It has been a difficult time for Ferrari recently, finishing well down the field in sixth in the 2020 Constructor Standings; a harsh fall following on from three consecutive second place finishes between 2017 and 2019. They never really looked likely to win any of those titles, but at least they were very competitive and had a very fast car. This was especially evident in 2019 when Charles Leclerc was able to secure seven pole positions and four fastest laps during the season. 

However, that performance level fell off a cliff as they entered the 2020 season and initially there was no real explanation as to why. Leclerc did his best to wrestle the car around every circuit and he clearly relished the challenge, easily outperforming the lackluster Vettel, who finished on a total of 33 points in 13th place. Leclerc himself finished on a better total of 98 points in eighth place, but you would hardly say that was acceptable for Ferrari - and I am sure the army of Tifosi were not impressed. Overall, it was an astonishingly poor return for arguably the most prestigious team on the grid with a four-time world champion in one seat and one of the most exciting up and coming young drivers in the other. So what was behind this alarming change in fortune?

"THE FIA AND SCUDERIA FERRARI HAVE AGREED TO A NUMBER OF TECHNICAL COMMITMENTS THAT WILL IMPROVE THE MONITORING OF ALL FORMULA1 POWER UNITS"

As ever, the FORMULA 1 gossip columns were filled with a multitude of rumours as to why the Ferrari performance dropped so visibly in 2020. Most eyebrow raising of all was one rumour that suggested the FIA had discovered Ferrari were being overly creative with their interpretations of the technical regulations that define the fuel delivery to the power unit, which came to light during an investigation into Ferrari’s operations in 2019. Further rumours suggested that the governing body and Ferrari had come to a ‘gentlemen's agreement’, negating the need for any further action which would have surely resulted in a fine or penalty points - a rumour that only furthered the oft-peddled claim of the close relationship between the FIA and Ferrari, always to the detriment of other teams.

 

The official statement from the FIA upon concluding the investigation into Ferrari in 2019 announced: “After thorough technical investigations, it has concluded its analysis of the operation of the Scuderia Ferrari FORMULA1 power unit and reached a settlement with the team.” The statement suggests that the FIA had not found any irregularities with the Ferrari power unit and that it fully complied with the technical regulations. The FIA went on to say “The FIA and Scuderia Ferrari have agreed to a number of technical commitments that will improve the monitoring of all FORMULA 1 power units for forthcoming championship seasons,” and then explained that the reason for not making the outcome fully public was “to avoid the negative consequences that a long litigation would entail,” suggesting that such a legal battle would have deep reaching consequences for FORMULA1.

THE POSSIBILITY OF FERRARI USING A 'CONTROLLED OIL LEAK INTO THE POWER UNIT INTERCOOLER TO GAIN A HUGE BOOST IN PERFORMANCE'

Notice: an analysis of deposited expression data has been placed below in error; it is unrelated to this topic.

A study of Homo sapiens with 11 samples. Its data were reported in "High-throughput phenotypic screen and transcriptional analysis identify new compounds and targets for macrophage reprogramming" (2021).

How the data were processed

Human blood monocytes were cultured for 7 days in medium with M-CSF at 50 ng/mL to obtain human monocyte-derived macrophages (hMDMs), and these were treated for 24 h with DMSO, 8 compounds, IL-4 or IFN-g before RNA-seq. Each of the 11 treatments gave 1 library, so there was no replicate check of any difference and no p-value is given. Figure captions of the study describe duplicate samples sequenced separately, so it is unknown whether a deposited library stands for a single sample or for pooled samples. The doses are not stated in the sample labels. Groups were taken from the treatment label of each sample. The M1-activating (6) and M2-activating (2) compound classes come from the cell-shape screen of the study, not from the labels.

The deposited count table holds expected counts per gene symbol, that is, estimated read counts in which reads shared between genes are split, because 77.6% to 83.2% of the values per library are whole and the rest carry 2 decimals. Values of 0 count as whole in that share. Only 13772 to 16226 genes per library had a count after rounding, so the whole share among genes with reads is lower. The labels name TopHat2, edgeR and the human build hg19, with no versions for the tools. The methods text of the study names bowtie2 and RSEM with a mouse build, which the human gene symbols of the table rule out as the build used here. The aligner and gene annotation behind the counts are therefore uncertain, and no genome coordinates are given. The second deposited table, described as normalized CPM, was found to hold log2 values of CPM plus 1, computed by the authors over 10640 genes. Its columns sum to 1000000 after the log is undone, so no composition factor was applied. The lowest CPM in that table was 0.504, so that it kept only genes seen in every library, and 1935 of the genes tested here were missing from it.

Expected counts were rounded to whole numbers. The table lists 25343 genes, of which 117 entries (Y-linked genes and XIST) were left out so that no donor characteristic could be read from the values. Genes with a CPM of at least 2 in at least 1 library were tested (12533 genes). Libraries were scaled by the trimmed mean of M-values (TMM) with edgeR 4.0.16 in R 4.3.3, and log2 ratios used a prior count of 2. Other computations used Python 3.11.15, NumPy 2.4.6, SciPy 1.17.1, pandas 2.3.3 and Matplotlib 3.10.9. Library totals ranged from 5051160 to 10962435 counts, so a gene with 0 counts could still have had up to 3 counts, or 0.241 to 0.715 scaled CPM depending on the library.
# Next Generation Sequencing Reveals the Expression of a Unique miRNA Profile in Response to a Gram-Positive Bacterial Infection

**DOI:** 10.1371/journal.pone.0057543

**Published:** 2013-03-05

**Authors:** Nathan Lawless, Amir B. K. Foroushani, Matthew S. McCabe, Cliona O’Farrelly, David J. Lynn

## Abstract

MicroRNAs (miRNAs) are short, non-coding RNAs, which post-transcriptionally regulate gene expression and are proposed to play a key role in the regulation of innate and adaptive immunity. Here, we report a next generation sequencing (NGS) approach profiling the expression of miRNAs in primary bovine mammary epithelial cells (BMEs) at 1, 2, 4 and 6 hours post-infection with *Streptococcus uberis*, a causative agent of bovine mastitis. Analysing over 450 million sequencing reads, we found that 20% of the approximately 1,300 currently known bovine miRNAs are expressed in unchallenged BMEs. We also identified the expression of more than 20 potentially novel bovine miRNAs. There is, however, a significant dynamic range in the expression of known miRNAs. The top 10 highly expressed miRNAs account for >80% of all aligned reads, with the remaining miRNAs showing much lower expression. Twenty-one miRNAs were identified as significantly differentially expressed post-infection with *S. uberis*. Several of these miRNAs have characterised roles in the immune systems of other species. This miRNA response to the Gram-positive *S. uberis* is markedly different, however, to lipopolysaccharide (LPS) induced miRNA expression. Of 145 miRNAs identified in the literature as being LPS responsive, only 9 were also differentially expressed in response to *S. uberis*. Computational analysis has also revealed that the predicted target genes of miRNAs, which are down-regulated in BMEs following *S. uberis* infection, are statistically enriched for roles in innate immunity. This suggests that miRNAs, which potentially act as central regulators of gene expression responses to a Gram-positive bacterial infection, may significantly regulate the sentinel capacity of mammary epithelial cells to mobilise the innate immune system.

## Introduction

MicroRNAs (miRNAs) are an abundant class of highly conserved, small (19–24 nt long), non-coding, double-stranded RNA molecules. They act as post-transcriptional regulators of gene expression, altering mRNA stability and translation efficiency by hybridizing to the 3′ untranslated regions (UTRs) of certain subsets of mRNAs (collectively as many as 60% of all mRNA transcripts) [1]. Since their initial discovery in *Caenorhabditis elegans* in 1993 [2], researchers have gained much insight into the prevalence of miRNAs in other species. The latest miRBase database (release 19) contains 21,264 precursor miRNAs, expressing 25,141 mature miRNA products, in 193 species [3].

However, this did little to placate the other teams who quickly objected to the details of the agreement not being disclosed by either the FIA or Ferrari. All non-Ferrari powered teams - namely McLaren, Mercedes, Racing Point, Red Bull, Renault, Alpha Tauri and Williams - issued a joint communication saying they were ‘surprised and shocked’ by the outcome of the investigation which the FIA chose not to make public. 

 

Subsequently, in March 2021, some further interesting details were revealed by Autosport in a YouTube video, suggesting the allegations centred around the possibility of Ferrari using a ‘controlled oil leak into the power unit intercooler to gain a huge boost in performance.’ The race to develop this advanced method of additional horsepower started right at the beginning of the introduction of the hybrid power unit, an era that began in 2014 when FORMULA 1 moved away from fully ICE (internal combustion engine) powered cars to a hybrid of ICE and electrical power stored in a battery. Teams started to develop oil compositions as a way of injecting additional horsepower to combat the drop in performance brought about by the hybrid engine. The new allegations suggest that Ferrari took this one step too far, which triggered the rule change at the end of 2019. Whether this was the cause of, or at least a contributory factor to the dismal following season for Ferrari, we will never know. We will leave you to draw your own conclusion on that.

ALL WE ASK OF ALL F1 TEAMS AND THE FIA IS TO ACT RESPONSIBLY... TO PROTECT THE REPUTATION OF THE SPORT

I am not sure we will ever reach a satisfactory conclusion to this matter and all we ask of all FORMULA 1 teams and the FIA is to act responsibly within the rules and regulations to protect the reputation of the sport and maintain the trust of its many fans.

 

One thing that we can be sure of is Ferrari will have a renewed enthusiasm to fight their way to the front of the grid with the refreshed driver line-up of Leclerc and the newly acquired Carlos Sainz, an exciting driver pairing on paper. They have got off to a solid start to the 2021 season and we are excited to see how the season pans out for the Scuderia Ferrari.